Pep Guardiola has reopened the debate over whether Premier League clubs should field 'B' teams in lower divisions.
The Manchester City manager does not feel his club's youngsters are exposed to a competition of high enough intensity.
His solution, to allow clubs to have a second team lower down the football pyramid as happens in other European countries, sparked controversy when suggested by former Football Association chairman Greg Dyke in 2014.
It was debated but ruled out by both the Premier League and Football League.
Guardiola thinks it should be reconsidered because he doubts the quality of Premier League 2, the under-23 competition fulfilling the role of the old reserve team league.
He said: "I'm not here to change absolutely anything but I think the second league for the young players is not good enough.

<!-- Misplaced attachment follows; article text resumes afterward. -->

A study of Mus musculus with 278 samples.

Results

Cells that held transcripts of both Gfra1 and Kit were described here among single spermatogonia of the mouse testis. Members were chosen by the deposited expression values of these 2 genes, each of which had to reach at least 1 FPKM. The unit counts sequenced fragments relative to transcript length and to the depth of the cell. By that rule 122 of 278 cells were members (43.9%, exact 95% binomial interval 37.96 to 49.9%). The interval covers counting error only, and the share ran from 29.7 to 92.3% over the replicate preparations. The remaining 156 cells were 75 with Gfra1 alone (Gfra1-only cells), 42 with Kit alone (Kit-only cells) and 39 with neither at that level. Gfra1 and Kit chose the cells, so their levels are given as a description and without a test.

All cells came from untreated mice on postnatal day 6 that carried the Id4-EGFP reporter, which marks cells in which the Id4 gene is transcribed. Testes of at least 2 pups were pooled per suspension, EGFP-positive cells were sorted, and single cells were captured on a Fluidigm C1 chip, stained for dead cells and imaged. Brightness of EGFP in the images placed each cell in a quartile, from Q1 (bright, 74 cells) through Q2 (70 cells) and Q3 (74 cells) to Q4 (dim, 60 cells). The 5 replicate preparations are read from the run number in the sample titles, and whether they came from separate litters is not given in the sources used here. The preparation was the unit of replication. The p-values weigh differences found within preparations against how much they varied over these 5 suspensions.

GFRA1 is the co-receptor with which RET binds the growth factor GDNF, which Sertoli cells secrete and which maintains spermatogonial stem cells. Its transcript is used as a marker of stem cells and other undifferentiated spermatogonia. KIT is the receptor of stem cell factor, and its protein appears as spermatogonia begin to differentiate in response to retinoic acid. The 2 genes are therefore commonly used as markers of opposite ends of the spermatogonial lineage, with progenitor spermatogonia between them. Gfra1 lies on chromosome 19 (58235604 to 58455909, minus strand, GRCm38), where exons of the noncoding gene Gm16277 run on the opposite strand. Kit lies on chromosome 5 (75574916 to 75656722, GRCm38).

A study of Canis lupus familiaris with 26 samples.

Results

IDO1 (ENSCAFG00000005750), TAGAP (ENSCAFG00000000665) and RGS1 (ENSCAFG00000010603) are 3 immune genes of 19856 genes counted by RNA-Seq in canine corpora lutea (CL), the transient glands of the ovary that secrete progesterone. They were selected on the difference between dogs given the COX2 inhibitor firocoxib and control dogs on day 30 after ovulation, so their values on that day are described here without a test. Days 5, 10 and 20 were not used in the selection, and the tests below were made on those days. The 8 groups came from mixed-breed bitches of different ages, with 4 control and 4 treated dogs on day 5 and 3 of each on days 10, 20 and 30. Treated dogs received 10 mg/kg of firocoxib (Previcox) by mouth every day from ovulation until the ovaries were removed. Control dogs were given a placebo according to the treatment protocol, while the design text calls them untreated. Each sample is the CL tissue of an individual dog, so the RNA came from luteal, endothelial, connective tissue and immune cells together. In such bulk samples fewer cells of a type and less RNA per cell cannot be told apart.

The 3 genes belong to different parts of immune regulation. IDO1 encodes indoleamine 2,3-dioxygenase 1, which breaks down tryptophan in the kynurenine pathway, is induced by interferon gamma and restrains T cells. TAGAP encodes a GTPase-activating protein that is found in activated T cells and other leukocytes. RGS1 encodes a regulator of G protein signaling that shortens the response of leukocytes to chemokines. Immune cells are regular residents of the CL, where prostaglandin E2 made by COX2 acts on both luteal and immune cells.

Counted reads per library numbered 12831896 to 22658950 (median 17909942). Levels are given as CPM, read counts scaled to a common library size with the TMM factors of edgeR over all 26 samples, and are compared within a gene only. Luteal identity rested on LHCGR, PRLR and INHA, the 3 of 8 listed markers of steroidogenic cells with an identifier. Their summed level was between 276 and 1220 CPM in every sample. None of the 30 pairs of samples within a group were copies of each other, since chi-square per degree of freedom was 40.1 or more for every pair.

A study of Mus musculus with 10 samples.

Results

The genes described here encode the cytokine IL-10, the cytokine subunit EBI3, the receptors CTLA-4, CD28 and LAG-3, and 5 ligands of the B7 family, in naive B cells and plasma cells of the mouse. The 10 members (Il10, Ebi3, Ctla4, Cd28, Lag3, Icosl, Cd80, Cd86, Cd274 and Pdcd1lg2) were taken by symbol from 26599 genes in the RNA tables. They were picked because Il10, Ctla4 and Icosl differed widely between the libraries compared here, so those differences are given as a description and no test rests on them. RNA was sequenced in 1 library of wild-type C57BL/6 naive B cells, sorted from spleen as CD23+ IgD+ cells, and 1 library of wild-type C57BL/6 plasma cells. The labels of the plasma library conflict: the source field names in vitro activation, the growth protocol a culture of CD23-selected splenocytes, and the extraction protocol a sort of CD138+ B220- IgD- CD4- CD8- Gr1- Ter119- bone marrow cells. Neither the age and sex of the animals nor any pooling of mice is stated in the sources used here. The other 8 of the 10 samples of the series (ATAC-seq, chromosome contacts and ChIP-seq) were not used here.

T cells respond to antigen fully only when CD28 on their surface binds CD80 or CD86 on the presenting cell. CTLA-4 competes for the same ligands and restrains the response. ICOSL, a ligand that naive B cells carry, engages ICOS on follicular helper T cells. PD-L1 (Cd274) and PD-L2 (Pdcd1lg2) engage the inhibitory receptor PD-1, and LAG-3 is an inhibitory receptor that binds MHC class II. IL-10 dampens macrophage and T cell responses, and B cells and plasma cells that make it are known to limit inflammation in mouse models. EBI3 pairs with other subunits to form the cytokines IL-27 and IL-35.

"The consistency is not physically strong. They compete in these second teams but it is not a good league.
"In Spain the second teams in Barcelona and Madrid play in front of 40 or 45,000 people in Barcelona, Madrid. Here they play with no spectators.
"It's not strong enough. That's why it's so difficult for the English people sometimes at big clubs like City. That for me is the real problem.
"I love to work with the young people because of their passion; their intensity is higher, they want to build their own career. It's much easier but I have to see when they are able to do that.
"I think it's a real problem for English football, if you accept my opinion. I think the quality of the young players is there and if you have the quality, you can play wherever but (you need) to feel the pressure.
"Why cannot we create Man City or Man Utd second team and not play in the Championship against Newcastle? Playing in front of these huge (crowds). That is the future of English football."